As my husband and I planned our trip to Iran, we realised we had few personal connections there. I was registered on the Couchsurfing website and decided to get in touch with some local Iranians to meet up with. We decided to spend our first few nights in Tehran with host couple, Zahra and Mobin. We’d never couch-surfed, and didn’t know what to expect by staying at the home of what were, at that time, strangers.
Couchsurfing is an online platform to connect with hosts and travellers across the world. The concept is that you can stay at the home of a local at no cost at all. The philosophy of the site is pretty brilliant, and encourages a really meaningful exchange of culture, friendship and hospitality.
The ideal situation is that you find an appropriate host on their website by first following the safety procedures of reading their references and profile information. There has been a darker side to couchsurfing where guests or hosts have been mistreated, but generally, if practiced with caution, you can be hosted well, shown around, and save money on accommodation. I felt safe to couch-surf having my husband with me, and we carefully selected our hosts, feeling most comfortable staying with families rather than singles. We’d booked hotels for everywhere outside Tehran, but continued to meet up with Iranian Couchsurfers, leading to many positive experiences.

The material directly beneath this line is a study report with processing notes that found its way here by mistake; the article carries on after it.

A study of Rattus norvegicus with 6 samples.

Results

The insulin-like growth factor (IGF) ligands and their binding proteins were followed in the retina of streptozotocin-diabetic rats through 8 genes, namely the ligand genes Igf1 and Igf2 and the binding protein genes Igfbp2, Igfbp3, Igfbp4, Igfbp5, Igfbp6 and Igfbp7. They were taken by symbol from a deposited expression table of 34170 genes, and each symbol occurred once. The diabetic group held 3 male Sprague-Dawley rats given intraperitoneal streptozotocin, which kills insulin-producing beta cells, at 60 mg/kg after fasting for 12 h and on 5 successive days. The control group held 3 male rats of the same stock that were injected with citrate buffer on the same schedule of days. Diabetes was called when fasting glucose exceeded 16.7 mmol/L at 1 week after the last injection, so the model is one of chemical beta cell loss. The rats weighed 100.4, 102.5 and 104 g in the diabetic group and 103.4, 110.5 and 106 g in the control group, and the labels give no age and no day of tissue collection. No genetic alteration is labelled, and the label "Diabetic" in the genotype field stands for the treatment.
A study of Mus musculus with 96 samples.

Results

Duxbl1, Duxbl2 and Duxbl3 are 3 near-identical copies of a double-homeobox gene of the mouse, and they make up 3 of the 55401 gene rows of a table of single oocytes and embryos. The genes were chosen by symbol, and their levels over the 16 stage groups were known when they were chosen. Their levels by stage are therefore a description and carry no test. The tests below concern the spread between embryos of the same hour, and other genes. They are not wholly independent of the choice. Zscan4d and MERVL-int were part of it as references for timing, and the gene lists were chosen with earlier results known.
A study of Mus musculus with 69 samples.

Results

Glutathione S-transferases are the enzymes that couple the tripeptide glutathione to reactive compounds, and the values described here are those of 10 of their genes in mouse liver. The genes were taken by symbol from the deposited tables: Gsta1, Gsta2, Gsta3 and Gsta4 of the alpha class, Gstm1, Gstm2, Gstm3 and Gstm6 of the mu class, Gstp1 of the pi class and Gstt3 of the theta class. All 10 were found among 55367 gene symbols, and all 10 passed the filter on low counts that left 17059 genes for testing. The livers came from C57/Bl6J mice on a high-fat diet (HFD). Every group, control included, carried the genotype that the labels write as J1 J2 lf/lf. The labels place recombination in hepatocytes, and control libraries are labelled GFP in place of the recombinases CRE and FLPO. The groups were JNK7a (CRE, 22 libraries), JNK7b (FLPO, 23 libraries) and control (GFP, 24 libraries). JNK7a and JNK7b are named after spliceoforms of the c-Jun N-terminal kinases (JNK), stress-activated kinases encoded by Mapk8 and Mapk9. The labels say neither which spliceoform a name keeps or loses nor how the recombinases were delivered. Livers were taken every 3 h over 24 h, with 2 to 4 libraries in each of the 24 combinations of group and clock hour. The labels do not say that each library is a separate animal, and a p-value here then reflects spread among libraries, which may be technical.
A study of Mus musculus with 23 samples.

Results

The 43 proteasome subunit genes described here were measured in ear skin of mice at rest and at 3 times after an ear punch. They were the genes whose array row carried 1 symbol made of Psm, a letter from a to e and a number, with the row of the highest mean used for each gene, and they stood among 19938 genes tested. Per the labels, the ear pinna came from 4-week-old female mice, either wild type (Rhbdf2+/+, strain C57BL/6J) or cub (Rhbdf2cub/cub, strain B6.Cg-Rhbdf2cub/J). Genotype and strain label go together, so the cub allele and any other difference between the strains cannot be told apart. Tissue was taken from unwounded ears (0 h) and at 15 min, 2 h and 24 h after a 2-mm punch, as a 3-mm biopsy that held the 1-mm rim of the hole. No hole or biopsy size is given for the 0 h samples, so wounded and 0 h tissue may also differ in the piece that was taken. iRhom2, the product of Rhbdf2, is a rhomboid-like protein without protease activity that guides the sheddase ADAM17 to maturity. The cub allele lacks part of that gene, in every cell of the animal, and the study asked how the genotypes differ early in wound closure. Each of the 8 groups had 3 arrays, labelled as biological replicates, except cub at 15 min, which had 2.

After arriving in Tehran, we had quite a bit of difficulty finding our host’s home. When we eventually did, we found they were at work since we had arrived late. We then got our first shot of incredible Iranian hospitality. Our host’s neighbour, a lovely older lady, took us in and served us tea and fruit, letting us pray, while she watched Quran recitations on television. Staying with Zahra and Mobin was a treat. On the first night, they cooked us Iranian style pasta, and invited their friends over. We shared our lives with them, connecting over similar interests, experiences, and teaching each other our respective languages. They asked my husband to recite Quran for them before we ate, and we bonded over our shared faith.
When in Mashhad, we decided to meet up with Fereshte and Pezhman, a very jovial and warm couple who organised a dinner, cooking delightful traditional foods, and who later insisted we abandon our hotel for one night and stay with them. And so we did, and would never regret it. In one night, we shared our life stories, our fears, ambitions, and became very close friends very quickly. Fereshte was our guide the next day of surrounding sights, and Pezhman delayed a train trip just so he could join us in the evening for dinner before we left for the next city. They were incredibly gracious, and we left feeling an immense admiration of Persian hospitality. It inspired us to revive the beautiful Muslim tradition of hospitality towards travellers, and we aim to pay it forward to travellers back home in Sydney, inshaAllah.